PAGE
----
Last updated on 03/21/2024

Detecting vulnerabilities with VMClarity


Last month, software vendors and news outlets widely publicized a new OpenSSH vulnerability - CVE-2023-38408. The vulnerability exposes Linux-based systems to remote command injection, and highlights the cybersecurity threats aimed at an ever more complex and growing IT infrastructure.

Security operations specialists face many daily challenges when it comes to identifying the vulnerabilities in their systems.

In most cases, it is hard to precisely determine which assets should be scanned for potential security vulnerabilities - whether a virtual machine hosted locally, in a public cloud provider, or a container image running in a Kubernetes pod. If the scanning procedures are not scheduled to run automatically, the engineers must run them manually. Or, if the scanners are agent-based, then the daemons, processes, and libraries must be periodically maintained on every machine.

In the first part of this post, I will to introduce you to the architecture of VMClarity. Later, I will demonstrate how to use VMClarity to detect vulnerabilities, focusing on OpenSSH CVE-2023-38408.

Introducing VMClarity

VMClarity is an open source tool for agentless detection and management of Virtual Machine Software Bill Of Materials (SBOM) and security threats such as vulnerabilities, exploits, malware, rootkits, misconfigurations, and leaked secrets.

VMClarity architecture

VMClarity has VM scanning capabilities for major cloud providers, including AWS, Azure, and GCP. Additionally, VMClarity can also be used to scan Docker assets.

Because VMClarity takes snapshots of your VMs and launches separate VMs based on these snapshots, there is no required software installation on the asset VMs you want to scan. A set of security scanners are deployed on the newly created VMs, which report their findings to the OpenClarity API.

If you want to start a scan, you can do that via Web UI or VMClarity CLI. A scan can be configured to only run once, or recurringly like a cron job.


After a short introduction to the system, let us begin to identify some security issues on our VMs. In this example, we will be specifically looking for OpenSSH CVE-2023-38408.

Setting up the control plane

We will use AWS for this demo, so you will need an AWS account to replicate.

VMClarity has a detailed guide on installing a CloudFormation stack on your AWS account. The result of the installation should be an external IPv4 address(EIP) that you can check on the Outputs tab of the CloudFormation page. Here is ours:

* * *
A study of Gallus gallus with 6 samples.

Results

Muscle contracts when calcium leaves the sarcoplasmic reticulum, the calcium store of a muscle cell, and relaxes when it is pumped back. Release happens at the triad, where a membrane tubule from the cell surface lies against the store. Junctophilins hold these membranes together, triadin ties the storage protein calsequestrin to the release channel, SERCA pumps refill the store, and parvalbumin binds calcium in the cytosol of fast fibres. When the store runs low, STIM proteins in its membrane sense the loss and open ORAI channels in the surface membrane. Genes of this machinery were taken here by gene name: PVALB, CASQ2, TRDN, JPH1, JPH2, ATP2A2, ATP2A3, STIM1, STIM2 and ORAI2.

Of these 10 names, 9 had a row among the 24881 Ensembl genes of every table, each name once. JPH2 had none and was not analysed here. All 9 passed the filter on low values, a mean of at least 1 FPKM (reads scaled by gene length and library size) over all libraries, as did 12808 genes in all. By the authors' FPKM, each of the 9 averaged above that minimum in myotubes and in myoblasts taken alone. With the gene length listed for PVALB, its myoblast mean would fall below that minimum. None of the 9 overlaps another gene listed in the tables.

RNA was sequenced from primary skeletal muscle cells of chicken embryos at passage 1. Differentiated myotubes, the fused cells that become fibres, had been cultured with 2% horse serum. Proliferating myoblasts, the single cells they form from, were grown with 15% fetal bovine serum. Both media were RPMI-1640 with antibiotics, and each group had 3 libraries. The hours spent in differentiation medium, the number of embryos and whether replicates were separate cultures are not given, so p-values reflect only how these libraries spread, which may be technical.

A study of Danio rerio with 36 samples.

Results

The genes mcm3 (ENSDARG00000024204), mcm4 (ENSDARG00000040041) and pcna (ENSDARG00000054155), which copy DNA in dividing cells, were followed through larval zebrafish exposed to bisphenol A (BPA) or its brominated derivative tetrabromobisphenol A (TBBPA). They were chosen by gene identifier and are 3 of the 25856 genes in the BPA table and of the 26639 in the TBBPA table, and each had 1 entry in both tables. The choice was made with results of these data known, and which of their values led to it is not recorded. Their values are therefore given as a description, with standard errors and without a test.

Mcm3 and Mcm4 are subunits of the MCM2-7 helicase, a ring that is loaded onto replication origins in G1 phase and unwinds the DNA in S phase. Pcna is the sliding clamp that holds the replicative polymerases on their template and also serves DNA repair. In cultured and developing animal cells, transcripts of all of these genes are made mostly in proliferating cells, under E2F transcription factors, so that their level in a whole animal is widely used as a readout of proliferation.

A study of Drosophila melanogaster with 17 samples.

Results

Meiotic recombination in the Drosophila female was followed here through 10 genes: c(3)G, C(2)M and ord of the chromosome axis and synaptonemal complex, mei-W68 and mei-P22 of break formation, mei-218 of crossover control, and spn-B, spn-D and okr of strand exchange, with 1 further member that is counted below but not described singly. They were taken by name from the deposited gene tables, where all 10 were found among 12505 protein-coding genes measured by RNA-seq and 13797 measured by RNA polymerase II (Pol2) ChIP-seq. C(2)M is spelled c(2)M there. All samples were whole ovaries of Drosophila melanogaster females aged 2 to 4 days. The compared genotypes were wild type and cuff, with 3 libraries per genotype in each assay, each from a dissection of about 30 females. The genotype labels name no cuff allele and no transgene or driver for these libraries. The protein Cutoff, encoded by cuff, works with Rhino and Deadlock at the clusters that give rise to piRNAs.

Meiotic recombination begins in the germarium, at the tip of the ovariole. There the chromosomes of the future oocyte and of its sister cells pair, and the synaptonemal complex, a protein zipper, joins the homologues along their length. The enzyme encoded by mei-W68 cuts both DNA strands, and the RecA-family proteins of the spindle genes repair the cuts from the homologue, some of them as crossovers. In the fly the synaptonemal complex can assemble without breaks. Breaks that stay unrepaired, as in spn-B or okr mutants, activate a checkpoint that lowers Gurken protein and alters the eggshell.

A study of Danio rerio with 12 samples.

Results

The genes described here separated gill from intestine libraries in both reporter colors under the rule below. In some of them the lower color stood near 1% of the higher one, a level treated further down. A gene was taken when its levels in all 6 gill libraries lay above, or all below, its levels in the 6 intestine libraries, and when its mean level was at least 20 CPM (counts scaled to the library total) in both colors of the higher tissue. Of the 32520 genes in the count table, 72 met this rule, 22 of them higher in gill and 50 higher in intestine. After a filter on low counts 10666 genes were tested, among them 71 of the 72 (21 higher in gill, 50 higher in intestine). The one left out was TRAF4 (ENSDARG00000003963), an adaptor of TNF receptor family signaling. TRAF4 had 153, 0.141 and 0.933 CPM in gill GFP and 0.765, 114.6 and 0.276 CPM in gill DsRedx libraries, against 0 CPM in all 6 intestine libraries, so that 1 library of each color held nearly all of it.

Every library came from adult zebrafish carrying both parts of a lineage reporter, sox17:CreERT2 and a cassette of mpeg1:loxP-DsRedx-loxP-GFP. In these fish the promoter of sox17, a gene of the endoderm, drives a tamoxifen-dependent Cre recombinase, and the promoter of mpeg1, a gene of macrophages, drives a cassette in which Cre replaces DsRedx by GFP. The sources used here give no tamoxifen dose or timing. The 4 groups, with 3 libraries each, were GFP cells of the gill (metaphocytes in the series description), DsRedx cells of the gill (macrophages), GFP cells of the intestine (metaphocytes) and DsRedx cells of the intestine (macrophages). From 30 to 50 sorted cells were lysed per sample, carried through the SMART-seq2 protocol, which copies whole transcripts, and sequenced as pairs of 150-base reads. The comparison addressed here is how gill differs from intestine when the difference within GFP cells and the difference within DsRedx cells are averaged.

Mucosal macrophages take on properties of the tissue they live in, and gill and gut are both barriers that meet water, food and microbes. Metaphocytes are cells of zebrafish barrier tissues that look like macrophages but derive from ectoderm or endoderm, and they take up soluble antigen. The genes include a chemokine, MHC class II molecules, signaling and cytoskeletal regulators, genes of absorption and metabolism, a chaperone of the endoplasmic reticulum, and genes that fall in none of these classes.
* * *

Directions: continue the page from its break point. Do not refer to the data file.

VMClarity CloudFormation

With this public IP address, you can access the web UI or submit HTTP requests to the API server from your terminal. Let’s open a terminal of your choice and open an SSH connection to the control plane with the following command.

ssh -N -L 8080:localhost:80 -i  "<Path to the SSH key specified during install>" ubuntu@<VmClarity SSH Address copied during install>

Now, we have the control plane running, and we can talk to it with the forwarded SSH connection.

Preparing a VM to be scanned

In order to find the OpenSSH security issue with VMClarity, there are two requirements:

  • A vulnerable version of OpenSSH has to be installed on the VM
  • You have to tag the VM for scanning

According to The Hacker News article, the issue was fixed in version 9.3p2, so any OpenSSH version before that is fine.

The OpenSSH vulnerability

After checking that the version with the vulnerability of OpenSSH was installed on the VM, I added a tag with the Key scanconfig and the Value test to it.

VMClarity - add tag

Start the scan

You have two options to create and start a scan: from the web UI or the CLI. For our purposes in this post, we will use the web UI.

Our VMClarity web dashboard is available at http://localhost:8888. Navigate to Scans - Configurations tab.

VMClarity - start a scan

You can start a new scan in this tab by clicking the New scan configuration button.

Let’s give the scan a proper name and select the earlier created VM for scan with an OData filter.

On the next page, let’s select the SBOM and Vulnerabilities scans to run. The latter scanner finds the CVEs on your VM, and the former generates output from which the vulnerabilities can be found.

On the Time configuration step, you can set when the scan should run; we set it to only run once for now.

On the last tab, we can set how many scans can run at a given time. The default is two, and that is fine for this example. Now let’s click on the Save button to start the scan.

Check the results

Once the scan has finished running, we can check the results on the Findings tab on the left menu.

VMClarity - scan results

The screenshot above shows that we have found three vulnerable OpenSSH packages with an out-of-date version. If you click on a row in the table, you can check the details of the vulnerability with more helpful information and links.

VMClarity - details of the scan


VMClarity simplifies running multiple scanners on different workloads and allows security operations specialists to save valuable time identifying vulnerable assets.

If you have any questions regarding VMClarity and its usage, please do not hesitate to contact us on our Slack channel.